Strike Ends at King Soopers in Denver After Union Reps and Management Make Deal

By Bryan Jung
Bryan Jung
Bryan Jung
Bryan S. Jung is a native and resident of New York City with a background in politics and the legal industry. He graduated from Binghamton University.
January 21, 2022 Updated: January 21, 2022

King Soopers and employees represented by United Food and Commercial Workers Local 7 announced on Jan. 21 that they have reached a tentative three-year agreement on a new collective bargaining agreement, ending the 10 day strike at the Colorado grocery chain.

King Soopers, the local chain of the Kroger supermarket giant, faced a walkout from more than 8,000 workers at 78 Denver metro area stores.

The three-year deal still needs to be ratified and the union said that details of the contract would be made public after the union members begin making their final votes starting on Jan. 24.

The union announced that workers are expected to start leaving the picket lines today.

“You have seven days to return to work. Contact your store manager to be placed on the schedule,” the union wrote to its members on Twitter.

“After months of negotiations and after our members walked out on strike, we have reached a tentative agreement with King Soopers/City Market that addresses the Company’s unfair labor practices and ensures that our members will receive the respect, pay, and protection they warrant,” said Kim Cordova, president of UFCW Local 7.

“This fight will always be about the workers. I could not be prouder of our members who put it all on the line to have their voices heard.”

King Soopers immediately put out a responding press release.

“We are pleased that this agreement allows us to put more money in our associates’ paychecks and secures healthcare and pension plans.” said Joe Kelley, President of King Soopers and City Market.

“We look forward to welcoming back our associates and customers.”

King Sooper employees went on strike on Jan. 12 after rejecting at least two offers from the grocery chain.

The workers had complained about what they deemed years of unfair labor practices by King Soopers during the months of negotiations.

The union criticized the grocery chain for using third-party staffing agencies to do union-covered work.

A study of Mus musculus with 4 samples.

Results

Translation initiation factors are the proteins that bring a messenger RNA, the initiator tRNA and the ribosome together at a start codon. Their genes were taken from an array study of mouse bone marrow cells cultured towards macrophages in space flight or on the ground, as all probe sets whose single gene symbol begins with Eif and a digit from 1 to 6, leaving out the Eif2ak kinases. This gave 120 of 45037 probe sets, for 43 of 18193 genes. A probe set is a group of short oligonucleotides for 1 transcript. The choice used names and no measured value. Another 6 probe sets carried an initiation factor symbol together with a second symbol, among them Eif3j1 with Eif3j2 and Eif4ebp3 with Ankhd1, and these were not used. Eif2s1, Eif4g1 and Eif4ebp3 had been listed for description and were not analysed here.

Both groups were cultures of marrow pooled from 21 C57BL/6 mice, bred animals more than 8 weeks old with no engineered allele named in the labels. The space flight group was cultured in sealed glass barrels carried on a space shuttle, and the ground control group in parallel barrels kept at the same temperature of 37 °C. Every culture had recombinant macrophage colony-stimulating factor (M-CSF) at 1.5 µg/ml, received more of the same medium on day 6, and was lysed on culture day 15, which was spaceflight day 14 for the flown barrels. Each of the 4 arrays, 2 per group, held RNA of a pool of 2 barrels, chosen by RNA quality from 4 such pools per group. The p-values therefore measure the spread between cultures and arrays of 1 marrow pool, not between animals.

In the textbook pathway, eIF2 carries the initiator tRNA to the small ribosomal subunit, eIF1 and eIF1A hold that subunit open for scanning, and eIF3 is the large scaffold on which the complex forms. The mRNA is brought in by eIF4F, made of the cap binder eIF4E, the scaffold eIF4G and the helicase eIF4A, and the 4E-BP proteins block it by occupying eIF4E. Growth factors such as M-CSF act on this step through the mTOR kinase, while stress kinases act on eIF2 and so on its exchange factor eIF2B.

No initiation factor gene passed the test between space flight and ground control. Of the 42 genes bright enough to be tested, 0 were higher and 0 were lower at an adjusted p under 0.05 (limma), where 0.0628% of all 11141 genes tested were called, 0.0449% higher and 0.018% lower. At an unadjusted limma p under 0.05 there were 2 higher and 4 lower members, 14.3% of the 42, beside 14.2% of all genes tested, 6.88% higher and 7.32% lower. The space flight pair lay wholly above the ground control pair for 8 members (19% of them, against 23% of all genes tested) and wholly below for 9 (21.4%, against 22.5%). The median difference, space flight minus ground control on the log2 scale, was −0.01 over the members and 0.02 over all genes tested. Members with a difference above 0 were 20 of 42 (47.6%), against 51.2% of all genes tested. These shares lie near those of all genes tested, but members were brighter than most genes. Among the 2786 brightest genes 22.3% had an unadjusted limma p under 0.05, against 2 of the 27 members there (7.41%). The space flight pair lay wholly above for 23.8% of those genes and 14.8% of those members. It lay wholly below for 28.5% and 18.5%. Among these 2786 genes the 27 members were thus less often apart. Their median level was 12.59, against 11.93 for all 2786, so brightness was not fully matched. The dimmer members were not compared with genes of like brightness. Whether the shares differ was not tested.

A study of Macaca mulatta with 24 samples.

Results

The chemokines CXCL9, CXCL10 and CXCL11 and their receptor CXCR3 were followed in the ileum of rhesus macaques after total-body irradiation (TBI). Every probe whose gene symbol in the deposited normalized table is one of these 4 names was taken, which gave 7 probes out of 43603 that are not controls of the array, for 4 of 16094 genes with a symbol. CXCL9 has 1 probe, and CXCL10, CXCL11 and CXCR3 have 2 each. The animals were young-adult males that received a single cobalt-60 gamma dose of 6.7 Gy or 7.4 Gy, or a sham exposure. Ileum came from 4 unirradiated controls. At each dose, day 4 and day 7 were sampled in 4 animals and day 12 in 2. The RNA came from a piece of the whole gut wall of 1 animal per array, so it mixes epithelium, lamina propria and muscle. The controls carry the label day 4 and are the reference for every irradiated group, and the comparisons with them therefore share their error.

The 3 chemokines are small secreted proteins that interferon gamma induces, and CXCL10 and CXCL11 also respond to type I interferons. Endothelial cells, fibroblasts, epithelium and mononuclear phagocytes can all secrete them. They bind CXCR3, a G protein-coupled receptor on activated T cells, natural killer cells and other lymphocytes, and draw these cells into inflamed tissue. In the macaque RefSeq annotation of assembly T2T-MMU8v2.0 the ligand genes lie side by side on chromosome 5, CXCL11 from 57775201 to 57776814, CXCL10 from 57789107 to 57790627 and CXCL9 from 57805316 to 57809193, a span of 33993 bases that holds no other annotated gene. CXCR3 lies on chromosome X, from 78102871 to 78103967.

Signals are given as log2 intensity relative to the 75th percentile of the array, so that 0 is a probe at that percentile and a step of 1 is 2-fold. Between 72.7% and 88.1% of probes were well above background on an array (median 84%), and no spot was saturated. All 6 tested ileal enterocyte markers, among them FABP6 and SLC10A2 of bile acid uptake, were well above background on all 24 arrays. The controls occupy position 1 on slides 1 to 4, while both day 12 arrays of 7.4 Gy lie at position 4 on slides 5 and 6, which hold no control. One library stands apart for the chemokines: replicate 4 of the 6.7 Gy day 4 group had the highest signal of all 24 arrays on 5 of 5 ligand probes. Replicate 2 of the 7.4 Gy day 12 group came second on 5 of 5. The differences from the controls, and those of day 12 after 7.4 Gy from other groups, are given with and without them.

It also called for better wages, health care benefits, security in the stores, restoration of pandemic hazard pay and an end to a two-tier pay structure for employees hired after 2005.

The union had earlier rejected a $170 million offer made last week by Kroger, which said was its “last, best and final offer.”

The store proposed wage increases of up to $4.50 per hour depending on job classification and tenure, with the starting rate of pay increased to $16 per hour, merely 13 cents above Denver’s minimum wage.

King Soopers’ average hourly wage is currently at $18.29.

The union in response, demanded a raise of at least $6 per hour for every employee.

It proposed a starting pay of $18.56 an hour and provision for a faster pathway for part-time employees to become full-time.

More than 70 percent of the workers are part-time, according to the union.

The pandemic and rising inflation have pushed many American workers to demand better working conditions and higher pay.

The parent company, Kroger had accused the union of refusing to bargain in good faith, while the union alleged a few King Soopers representatives displayed “unprofessional” and “outrageous” behavior.

King Soopers won a temporary restraining order against the striking employees this week with a U.S. court ruling that prohibited picketing workers from gathering in groups of over 10 people and from interfering with anyone within 20 feet of another individual or standing in front of store entrances or vehicles.

“All of us at Local 7 are proud to fight on behalf of our members who show up to work every day, keeping shelves full to feed their communities through this ongoing pandemic while barely making ends meet to feed and provide for their own families. We didn’t ask for this fight, but the Company chose to put profits over people for so long and failed to listen to the workers who made its success possible,” Cordova said in her statement in the union’s press release.

“Now, our members have the contracts they deserve and can be proud of.

“This would not have been possible without the support of our allies throughout Colorado and across the country. To those who supported our members by honoring the picket line and showing up in solidarity, we thank you from the bottom of our hearts.”

The union’s contracts with other King Soopers and City Market stores across Colorado will soon expire.

It still is not clear how the new agreement covering Denver-area stores will affect them.

Bryan Jung
Bryan S. Jung is a native and resident of New York City with a background in politics and the legal industry. He graduated from Binghamton University.